Facebook’s stock is down somewhere around 20% to 25% over the last few days, and Twitter’s stock is also down. Given this financial carnage, I thought it would be a good time to discuss one of the most common questions I get when I pitch AdWords (now Google Ads) to prospective clients.
I go through my pitch, highlighting all the benefits of AdWords… Get in front of people searching for exactly what you offer… Only pay when they click… and all the rest of that stuff.
After I give my pitch, one of the most common questions I get from potential clients is, “this all sounds great, but does Google AdWords really work?”
And the answer is, of course it does.
Usually I go through all the pieces of evidence that prove AdWords works… look at how many people use it, you’re getting in front of people looking for exactly what they offer, you only pay when they click, we can control bid amounts and what searches you show up on, and all that stuff.
And all that’s great. But sometimes raw numbers show things in a different, better, more dramatic way.
If you want to talk raw numbers, let’s dig into something that happened to me last week. This example will show vividly how powerful Google AdWords advertising is.
I eat my own cooking.
At Rothman PPC we don’t just tell our clients to use Google AdWords, we also use it for our company. We spend a small, but very real amount of money every month on AdWords campaigns to both grow the Rothman PPC brand and also to generate great leads that turn into clients.
The way I run my own budget is that I have a certain amount I want to spend each month. And I don’t want to be limited by a small daily budget, so I run a large daily budget and then turn off the campaigns once I hit my spend goal each month.
This month, a few days after I had hit my spend goal and shut down my campaigns for the month, I got a little bit itchy and decided to run some more ads.
Boy am I glad I did.
Finding the perfect match for my service
I decided to turn on my national “AdWords agency” campaign. This is where I target keywords like “AdWords management agency” and try to get in front of potential clients looking for an AdWords team to help them with their campaigns.
Boy am I glad I did.
On that day I spent $63 and mostly advertised on pure broad keywords (broad keywords are great if you use them correctly).
The broad keyword google adwords management company received an $8 click and the search term was white label adwords and then there were a couple additional words for an industry at the end of the phrase I don’t want to disclose because they were very specific.
This search user was looking for a white label AdWords solution for a specific industry, he clicked on my ad, went to my website, and filled out my lead form. And then we got on a call.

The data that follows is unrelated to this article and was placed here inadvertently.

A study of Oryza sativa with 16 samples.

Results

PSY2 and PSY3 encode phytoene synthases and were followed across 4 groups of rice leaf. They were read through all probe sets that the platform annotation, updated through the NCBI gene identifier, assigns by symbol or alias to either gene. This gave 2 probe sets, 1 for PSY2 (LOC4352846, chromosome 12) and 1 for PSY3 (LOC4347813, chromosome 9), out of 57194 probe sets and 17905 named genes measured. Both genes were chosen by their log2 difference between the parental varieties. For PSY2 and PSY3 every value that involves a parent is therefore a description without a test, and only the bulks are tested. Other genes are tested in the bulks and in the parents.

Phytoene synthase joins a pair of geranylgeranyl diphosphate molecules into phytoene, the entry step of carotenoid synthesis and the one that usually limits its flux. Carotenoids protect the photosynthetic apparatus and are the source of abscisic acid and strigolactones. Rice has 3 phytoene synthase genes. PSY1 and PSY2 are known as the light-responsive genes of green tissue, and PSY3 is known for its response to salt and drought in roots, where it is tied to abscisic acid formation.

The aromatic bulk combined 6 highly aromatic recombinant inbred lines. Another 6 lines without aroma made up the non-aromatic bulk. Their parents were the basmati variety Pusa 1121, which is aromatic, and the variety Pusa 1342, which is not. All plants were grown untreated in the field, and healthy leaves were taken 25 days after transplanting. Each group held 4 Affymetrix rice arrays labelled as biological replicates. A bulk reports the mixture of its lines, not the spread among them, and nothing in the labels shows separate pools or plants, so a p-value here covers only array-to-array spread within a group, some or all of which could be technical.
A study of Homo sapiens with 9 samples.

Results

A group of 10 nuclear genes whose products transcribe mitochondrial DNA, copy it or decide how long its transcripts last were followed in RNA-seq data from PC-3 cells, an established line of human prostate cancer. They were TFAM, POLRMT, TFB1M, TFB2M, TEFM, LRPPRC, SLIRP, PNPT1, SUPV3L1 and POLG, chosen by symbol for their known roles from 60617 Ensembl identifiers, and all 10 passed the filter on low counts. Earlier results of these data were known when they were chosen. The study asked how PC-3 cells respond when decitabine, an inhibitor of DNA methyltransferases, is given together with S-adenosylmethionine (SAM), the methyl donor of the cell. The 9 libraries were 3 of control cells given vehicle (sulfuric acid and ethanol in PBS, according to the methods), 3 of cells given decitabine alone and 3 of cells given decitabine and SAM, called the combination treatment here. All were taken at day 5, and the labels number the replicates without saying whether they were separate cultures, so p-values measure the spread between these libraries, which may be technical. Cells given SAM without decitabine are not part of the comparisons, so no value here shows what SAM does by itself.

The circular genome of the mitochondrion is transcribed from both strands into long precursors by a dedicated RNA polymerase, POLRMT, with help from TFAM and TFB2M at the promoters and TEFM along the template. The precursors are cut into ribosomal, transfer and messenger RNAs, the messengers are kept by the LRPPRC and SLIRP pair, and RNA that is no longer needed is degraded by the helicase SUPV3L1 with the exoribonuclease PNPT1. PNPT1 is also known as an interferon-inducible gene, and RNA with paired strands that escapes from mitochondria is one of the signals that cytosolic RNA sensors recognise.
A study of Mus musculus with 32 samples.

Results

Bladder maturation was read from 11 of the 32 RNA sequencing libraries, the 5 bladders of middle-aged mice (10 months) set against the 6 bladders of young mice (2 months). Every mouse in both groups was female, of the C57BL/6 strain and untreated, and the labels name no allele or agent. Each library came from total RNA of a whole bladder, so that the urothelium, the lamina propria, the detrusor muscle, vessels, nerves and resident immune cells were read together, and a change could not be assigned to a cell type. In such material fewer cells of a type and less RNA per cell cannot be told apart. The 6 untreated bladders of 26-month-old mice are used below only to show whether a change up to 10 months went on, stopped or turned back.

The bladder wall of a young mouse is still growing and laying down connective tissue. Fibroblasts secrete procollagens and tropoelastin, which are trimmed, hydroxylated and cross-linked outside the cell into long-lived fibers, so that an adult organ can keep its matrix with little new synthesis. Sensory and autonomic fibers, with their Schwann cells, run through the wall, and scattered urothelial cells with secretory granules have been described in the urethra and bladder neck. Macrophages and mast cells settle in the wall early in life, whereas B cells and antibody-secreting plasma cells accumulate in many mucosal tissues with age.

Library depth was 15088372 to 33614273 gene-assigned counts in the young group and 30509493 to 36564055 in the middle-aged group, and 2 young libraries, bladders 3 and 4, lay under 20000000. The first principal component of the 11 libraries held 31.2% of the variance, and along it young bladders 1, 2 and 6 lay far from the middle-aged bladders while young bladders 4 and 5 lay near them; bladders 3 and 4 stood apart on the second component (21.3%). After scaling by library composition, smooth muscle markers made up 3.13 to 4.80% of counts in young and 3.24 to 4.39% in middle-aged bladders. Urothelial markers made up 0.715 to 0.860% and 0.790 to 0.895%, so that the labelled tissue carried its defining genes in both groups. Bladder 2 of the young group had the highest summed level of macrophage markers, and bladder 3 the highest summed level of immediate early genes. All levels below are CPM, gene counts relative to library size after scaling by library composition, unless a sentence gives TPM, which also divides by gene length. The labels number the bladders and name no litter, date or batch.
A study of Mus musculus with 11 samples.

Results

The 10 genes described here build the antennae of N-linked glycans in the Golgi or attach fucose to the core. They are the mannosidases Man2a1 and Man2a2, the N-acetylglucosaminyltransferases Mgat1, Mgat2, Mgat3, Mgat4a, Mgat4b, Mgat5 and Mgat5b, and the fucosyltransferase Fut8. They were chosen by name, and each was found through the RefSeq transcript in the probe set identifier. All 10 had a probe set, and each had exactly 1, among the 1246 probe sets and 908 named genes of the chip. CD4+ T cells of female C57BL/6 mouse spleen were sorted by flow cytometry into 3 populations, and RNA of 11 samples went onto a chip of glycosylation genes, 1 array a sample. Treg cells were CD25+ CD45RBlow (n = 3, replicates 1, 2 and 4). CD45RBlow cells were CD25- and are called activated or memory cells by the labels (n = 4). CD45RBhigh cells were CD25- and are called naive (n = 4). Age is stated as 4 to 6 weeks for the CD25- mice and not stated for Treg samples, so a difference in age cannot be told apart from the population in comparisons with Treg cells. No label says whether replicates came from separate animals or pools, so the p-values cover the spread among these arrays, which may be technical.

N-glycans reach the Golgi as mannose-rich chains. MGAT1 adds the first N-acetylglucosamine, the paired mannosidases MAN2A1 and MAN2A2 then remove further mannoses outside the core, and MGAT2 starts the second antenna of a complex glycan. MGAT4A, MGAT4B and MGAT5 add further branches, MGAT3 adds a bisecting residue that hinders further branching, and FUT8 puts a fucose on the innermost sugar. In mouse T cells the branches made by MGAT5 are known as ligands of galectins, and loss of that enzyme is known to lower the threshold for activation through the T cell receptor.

Turns out this search user and me are the perfect match. He needs a white label AdWords team, we offer that service, and we specialize in the exact industry he is running his agency for. So we are really a perfect fit for each other.
We are already white-labeling one week later on two accounts and it looks like that account list is going to grow and grow. All from a $65 spend day and an $8 broad keyword click.
Let’s talk numbers
Here’s where it gets interesting. Let’s get into some numbers.
This agency is probably going to charge their clients 15% to 20% of monthly ad spend and we’re going to charge the agency 10% of monthly ad spend to do all the white label work month to month.
This agency has already brought us two clients, and there is potential for this thing really to be a twenty-five account partnership.
If this agency brings us twenty-five accounts that spend an average of $3,000 a month on AdWords, that’s $75,000 a month of ad spend, and our 10% cut is $7,500 a month.
Two accounts is a long way from twenty-five, but at the same time, two accounts is already $600 a month in revenue for us. And the upside of this partnership isn’t limited to twenty-five accounts. It could be fifty, or one hundred one day.
All from an $8 broad keyword click.
I spent $65, current monthly revenue return is $600 a month, and this has the potential to grow to $7,500 a month.
Now of course, I’ve spent more on this campaign in the past, and the cost per lead for this kind of revenue potential is higher than $65. But this one-day example shows the geometric power of Google AdWords advertising done right.
And this is just an example from my industry. Great returns happen in all kinds of industries every day.
When companies who generate leads from AdWords account for all the lifetime value they can get from an AdWords campaign (brand awareness, immediate and trackable leads, un-trackable leads like if someone clicks on an ad and then leaves your website, and then Googles you later that day and goes to your Facebook page and calls you from there, repeat business, referrals, word of mouth, etc.) the returns on ad spend can be really great, and a small AdWords budget can accelerate your business growth and dynamically improve your results.
The truth is that when AdWords is done correctly, AdWords works, and it works way better than most people know.
Does AdWords work?
That question is usually answered with phrases like look at all the customer Google has… look how much money Google makes, it has to work… there’s a reason Google is almost a trillion dollar company… etc.
But it’s examples like the one I gave above that are behind those surface level answers about Google’s success. The extreme success of Google is based on the extreme value their adverting platform provides to companies like mine and hundreds of thousands of others.
I’ve never seen anything as powerful or effective as Google AdWords when it comes to lead generation and marketing and trying to get in front of the right people who can turn into valuable customers.
Google AdWords works, there’s no doubt about it.